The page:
Book review: The Story Grid: What Good Editors Know

I watched a YouTube video recently on writing a (nonfiction) book, and the vlogger was talking about this book. As an avide reader, I have been sometimes frustrated by some of the my reads’ storyline. Could this book help me?


The book is split in 8 parts, and in total 70 chapters. I’m saying this because the book was edited with the same technique that it is presenting. Well, more or less. Of course, the book is more geared towards fiction books than nonfiction ones, but the same principles apply.

After an explanation of how the book came to be in the first part, half of the book is dedicated to the actual method, and the other half shows how to apply the method on The Silence of the Lambs. The book splits the first job of editing, which is checking Genre, into 5 questions, which are what Content, what Time, what Structure, what Reality and what Style. The main drawback of the book here is that it keeps on telling that Genre requires some scenes, but it never provides the  list of these scenes!

If we look at the different types of storylines, the same problem applies, you have the examples for 2 or 3 internal or external storylines, but nothing more. So lots of the questions still need to be answered by the writer, and then extracted by the editor.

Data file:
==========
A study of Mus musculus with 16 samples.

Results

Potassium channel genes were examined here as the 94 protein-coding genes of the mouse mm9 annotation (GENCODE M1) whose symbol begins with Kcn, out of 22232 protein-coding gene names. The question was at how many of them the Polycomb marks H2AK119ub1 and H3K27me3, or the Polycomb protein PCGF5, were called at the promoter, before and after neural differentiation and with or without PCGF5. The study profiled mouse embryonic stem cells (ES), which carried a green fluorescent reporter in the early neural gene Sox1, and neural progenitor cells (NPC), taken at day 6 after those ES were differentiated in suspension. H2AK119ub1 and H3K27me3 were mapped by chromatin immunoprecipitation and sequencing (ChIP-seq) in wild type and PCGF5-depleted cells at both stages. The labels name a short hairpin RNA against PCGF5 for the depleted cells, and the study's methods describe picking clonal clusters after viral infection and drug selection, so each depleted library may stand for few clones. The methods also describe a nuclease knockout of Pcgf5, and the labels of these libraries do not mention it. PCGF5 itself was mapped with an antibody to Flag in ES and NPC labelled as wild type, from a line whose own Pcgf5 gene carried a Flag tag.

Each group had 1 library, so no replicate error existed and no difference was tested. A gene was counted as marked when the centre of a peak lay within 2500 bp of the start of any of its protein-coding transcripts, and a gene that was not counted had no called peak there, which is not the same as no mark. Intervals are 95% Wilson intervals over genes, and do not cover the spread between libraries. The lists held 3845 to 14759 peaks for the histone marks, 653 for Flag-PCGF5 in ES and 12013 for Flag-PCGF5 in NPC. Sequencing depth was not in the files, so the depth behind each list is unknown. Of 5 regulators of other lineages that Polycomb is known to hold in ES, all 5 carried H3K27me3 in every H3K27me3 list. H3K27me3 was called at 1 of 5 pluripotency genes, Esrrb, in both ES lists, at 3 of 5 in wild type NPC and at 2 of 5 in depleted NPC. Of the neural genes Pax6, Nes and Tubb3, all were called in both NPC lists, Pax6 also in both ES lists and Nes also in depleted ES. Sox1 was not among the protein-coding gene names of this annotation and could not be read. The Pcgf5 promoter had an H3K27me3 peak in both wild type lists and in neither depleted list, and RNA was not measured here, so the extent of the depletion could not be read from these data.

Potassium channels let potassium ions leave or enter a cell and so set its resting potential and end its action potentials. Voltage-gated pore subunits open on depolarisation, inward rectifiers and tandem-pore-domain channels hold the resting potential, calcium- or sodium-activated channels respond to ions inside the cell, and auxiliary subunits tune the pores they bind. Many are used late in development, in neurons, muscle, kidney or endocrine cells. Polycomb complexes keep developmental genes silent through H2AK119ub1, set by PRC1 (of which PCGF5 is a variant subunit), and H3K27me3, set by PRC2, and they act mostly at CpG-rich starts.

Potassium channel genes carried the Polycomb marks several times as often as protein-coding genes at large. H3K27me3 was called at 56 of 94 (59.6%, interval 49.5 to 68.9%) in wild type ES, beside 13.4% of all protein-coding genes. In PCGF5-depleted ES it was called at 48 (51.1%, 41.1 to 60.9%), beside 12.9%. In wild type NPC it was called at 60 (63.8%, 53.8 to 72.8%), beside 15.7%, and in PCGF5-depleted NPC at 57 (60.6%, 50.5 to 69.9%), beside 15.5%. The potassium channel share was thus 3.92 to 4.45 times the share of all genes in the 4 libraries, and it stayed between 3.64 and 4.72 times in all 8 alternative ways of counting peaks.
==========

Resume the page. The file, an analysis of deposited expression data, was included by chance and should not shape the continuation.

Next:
The first tool in the book is the Foolscap story grid. It’s just one page with the main broad brushes of a book. After that it does kind of a fractal on the book stories, which appeals to my mathematical side. But it’s true that all stories have these patterns in all dimensions of a book, which is the subject of the part after that.

The second tool after that is a spreadsheet that sums up the balance of the book, and then the final one is a double graph. It is then applied on The Silence of the Lambs, as I said earlier.

And that’s when I noticed the pieces coming together. I read the book at the end of last year, so it’s very fresh. It’s a page turner, but Shawn Coyne really shows how the different levels in the book come together to form a masterpiece. And now I understand why I feel that some of the books I read have a good story, but something is missing. It may be missing the payoff. Or the structure is imbalanced. Or there is just an external plot and no real payoff for the main characters. Or there is, but it’s disconnected and not part of the full story. This is what this technique shows: where the writing of a story broke.

Sometimes, the technique is not perfect, but the book still works. That’s great. But when the book doesn’t work despite having a great story, it’s probably that one of the levels is broken. That’s when the editor should come in.


I think I want to write a story now. As some of you know, I have written part of a (nonfiction) book as well as taken a songwriting course at Bath Spa. So writing stuff is something I like doing. And this book is really great at providing the framework required for making a great book from a good story.